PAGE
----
In this Adventure/ Drama, set in Newfoundland in the 1970’s, Michael Anderson’s Orca The Killer Whale is about a Killer Whale’s vengeance towards a fisherman who accidentally butchers his mate (wife) and unborn calf. Starring Richard Harris, Charlotte Rampling and the two Orca’s Nepo (Male) and Yaka (Female).

After being impressed by Orcas (Killer Whales to me and you) particularly by how much money he can get if he catches one and sells it to an aquarium, struggling fisherman Nolan (Richard Harris) attempts to do just that despite warnings from Lecturer and Orca enthusiast Dr. Rachel Bedford (Charlotte Rampling), but ends up killing a pregnant Orca and her unborn calf instead. After giving her a send off  with the rest of the pod(very funeral styled), her mate follows Nolan back to where he has docked his boat, which is in a little village that thrives off fishing and forces him back in to the ocean to settle the score.

With the help of actual stock footage taken at Marine World in Redwood City, California and an animatronic whale, Orca is very believable as the intelligent, family oriented, loving but powerful vengeful Killer Whale who will not be bound by boat or land in order to carry out an almost apocalyptic type of justice on he that has done him wrong (e.g. Watch as Orca weakens the village his enemy has taken up residence in ). Richard Harris delivers a natural performance as the naive near broke fisherman, who even though a little sympathetic towards the beast in question, still brushes off his threats, chooses instead to think of recent disasters as mere coincidences, rubbishes folk lore talk and refuses to believe an animal is capable of revenge. As both Orca and Nolan play non traditional hero and villain roles, meaning one could either be deemed a good guy as easily as a bad guy based on their actions; they flirt interestingly along these lines creating sometimes a divide amongst audience members (e.g. Watch how they take turns in harming each other). In the midst of all that and probably because of it, they do manage to inspire some amount of audience identification, which was what made them decent characters and help to move them away from the simple “Man vs. Beast” tag so often given in such films.

Full time Psychologist/Magician/ Genius and part time Composer Ennio Morricone’s score added as usual all the right appropriate tones for each occasion with remarkably eerie brilliance; starting from Orca’s 1st introduction of his power to his undeniably, empathetic emotional depth all the way to his ferocious, frightening, knows no bounds anger. Dr. Rachel at a lecture in this film stated that an Orca’s communication level was so advanced that questions such as “How are you?” need not be asked and if so would be redundant. This then would mean our communication skills as human beings to Orcas would be useless and theirs to us incomprehensible. However with the help of Ennio Morricone’s music, there is never a question about neither the feeling nor the mood of the characters, or is there ever a question about how they feel about each other regardless of communication levels. It was with this style accompanied with Whale sounds (Interestingly enough most of the Whale sounds are that of Humpback Whales and not Orcas) that reminded us that dialogue too is just a style and what a character does has far more of an impact.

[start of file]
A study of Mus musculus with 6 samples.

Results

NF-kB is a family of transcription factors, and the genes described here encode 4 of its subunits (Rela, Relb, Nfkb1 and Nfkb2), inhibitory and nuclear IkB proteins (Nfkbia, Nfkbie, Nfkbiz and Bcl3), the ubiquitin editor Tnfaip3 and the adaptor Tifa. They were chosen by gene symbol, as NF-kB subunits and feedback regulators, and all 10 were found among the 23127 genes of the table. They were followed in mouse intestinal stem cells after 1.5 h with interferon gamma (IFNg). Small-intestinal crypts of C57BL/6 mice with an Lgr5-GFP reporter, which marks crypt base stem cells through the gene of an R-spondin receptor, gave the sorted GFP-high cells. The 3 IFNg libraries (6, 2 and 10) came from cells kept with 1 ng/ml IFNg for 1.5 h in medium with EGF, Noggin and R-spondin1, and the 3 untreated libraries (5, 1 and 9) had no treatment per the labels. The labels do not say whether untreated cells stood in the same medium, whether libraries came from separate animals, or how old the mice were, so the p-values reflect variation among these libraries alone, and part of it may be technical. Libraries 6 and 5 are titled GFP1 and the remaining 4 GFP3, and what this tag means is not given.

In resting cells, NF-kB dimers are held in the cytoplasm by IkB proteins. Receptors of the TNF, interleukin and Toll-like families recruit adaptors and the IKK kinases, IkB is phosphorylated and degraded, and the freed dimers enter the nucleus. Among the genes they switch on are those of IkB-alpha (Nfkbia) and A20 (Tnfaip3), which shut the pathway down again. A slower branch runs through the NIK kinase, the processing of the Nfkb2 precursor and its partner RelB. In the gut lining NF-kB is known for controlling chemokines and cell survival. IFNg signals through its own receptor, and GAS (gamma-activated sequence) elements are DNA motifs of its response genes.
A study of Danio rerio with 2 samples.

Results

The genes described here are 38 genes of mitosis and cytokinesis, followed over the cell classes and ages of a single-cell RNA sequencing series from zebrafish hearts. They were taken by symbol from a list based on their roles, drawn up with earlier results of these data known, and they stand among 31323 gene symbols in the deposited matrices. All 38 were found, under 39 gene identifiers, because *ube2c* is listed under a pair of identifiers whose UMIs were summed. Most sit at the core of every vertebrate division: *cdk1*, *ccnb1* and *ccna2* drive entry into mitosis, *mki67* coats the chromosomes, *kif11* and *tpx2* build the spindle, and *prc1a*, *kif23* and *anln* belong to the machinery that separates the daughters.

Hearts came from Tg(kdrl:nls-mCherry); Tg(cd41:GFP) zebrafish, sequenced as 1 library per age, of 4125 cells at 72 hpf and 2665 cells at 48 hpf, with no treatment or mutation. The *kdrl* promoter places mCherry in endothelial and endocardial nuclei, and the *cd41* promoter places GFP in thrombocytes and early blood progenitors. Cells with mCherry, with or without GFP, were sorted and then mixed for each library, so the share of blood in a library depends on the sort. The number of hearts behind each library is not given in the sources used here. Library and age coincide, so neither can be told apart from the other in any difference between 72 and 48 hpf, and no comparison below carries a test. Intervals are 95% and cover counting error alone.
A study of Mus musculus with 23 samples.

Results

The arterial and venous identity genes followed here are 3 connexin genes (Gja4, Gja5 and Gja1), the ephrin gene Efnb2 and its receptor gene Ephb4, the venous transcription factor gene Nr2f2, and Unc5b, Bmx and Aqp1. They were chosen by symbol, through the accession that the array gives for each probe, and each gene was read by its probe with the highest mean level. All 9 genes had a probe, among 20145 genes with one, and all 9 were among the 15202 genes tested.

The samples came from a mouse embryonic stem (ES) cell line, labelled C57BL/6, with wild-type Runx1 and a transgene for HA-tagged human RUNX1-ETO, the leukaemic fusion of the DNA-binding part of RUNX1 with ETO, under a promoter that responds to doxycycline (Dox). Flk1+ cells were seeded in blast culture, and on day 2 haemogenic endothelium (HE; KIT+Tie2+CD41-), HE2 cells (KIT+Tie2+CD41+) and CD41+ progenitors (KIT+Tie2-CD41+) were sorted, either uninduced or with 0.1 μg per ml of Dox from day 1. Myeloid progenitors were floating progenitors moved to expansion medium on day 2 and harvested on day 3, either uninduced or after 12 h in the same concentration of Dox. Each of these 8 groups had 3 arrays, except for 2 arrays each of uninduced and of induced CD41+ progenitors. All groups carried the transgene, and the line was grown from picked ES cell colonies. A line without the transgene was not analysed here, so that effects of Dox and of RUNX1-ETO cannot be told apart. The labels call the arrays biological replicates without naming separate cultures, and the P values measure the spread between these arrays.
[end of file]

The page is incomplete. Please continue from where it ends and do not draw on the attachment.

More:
Alot has been said about this film in times gone by, dismissing it as either an answer to Steven Spielberg’s JAWS (1975) or accusing it of riding on the coat tail of its success. While this may or may not be true and undoubtedly Jaws was the much better told story, it must be pointed out that besides both films having genuinely deadly predators as characters from the deep, these two films are nothing  alike, whether it be plot, structure, style or reason. Michael Anderson’s Orca has a legitimate reason for revenge and tries to drag Nolan out of his comfort zone; the Great White Shark in Jaws terrorizes a small beach community for no apparent reason, apart from the fact that ‘he felt like it.’ Audiences may be sympathetic towards Orca because they are able to identify with his plight and may root for him; audiences are scared to death of Jaws as they would any super serial killer and hope someone gets rid of him. Based on these two main reasons alone, it is clear that even though they are both beasts of the sea, one is more clearly a monster. In conclusion concerning ORCA, while some of the characters aren’t that useful, or are very underdeveloped especially those of Nolan’s crew, the film is quite good and an interesting watch. There are also some religious elements to it as well that isn’t very obvious but makes this film even more interesting on a psychological, spiritual level. Therefore don’t dismiss this film, have a good watch to those who haven’t seen it yet and to those who have, try watching it again.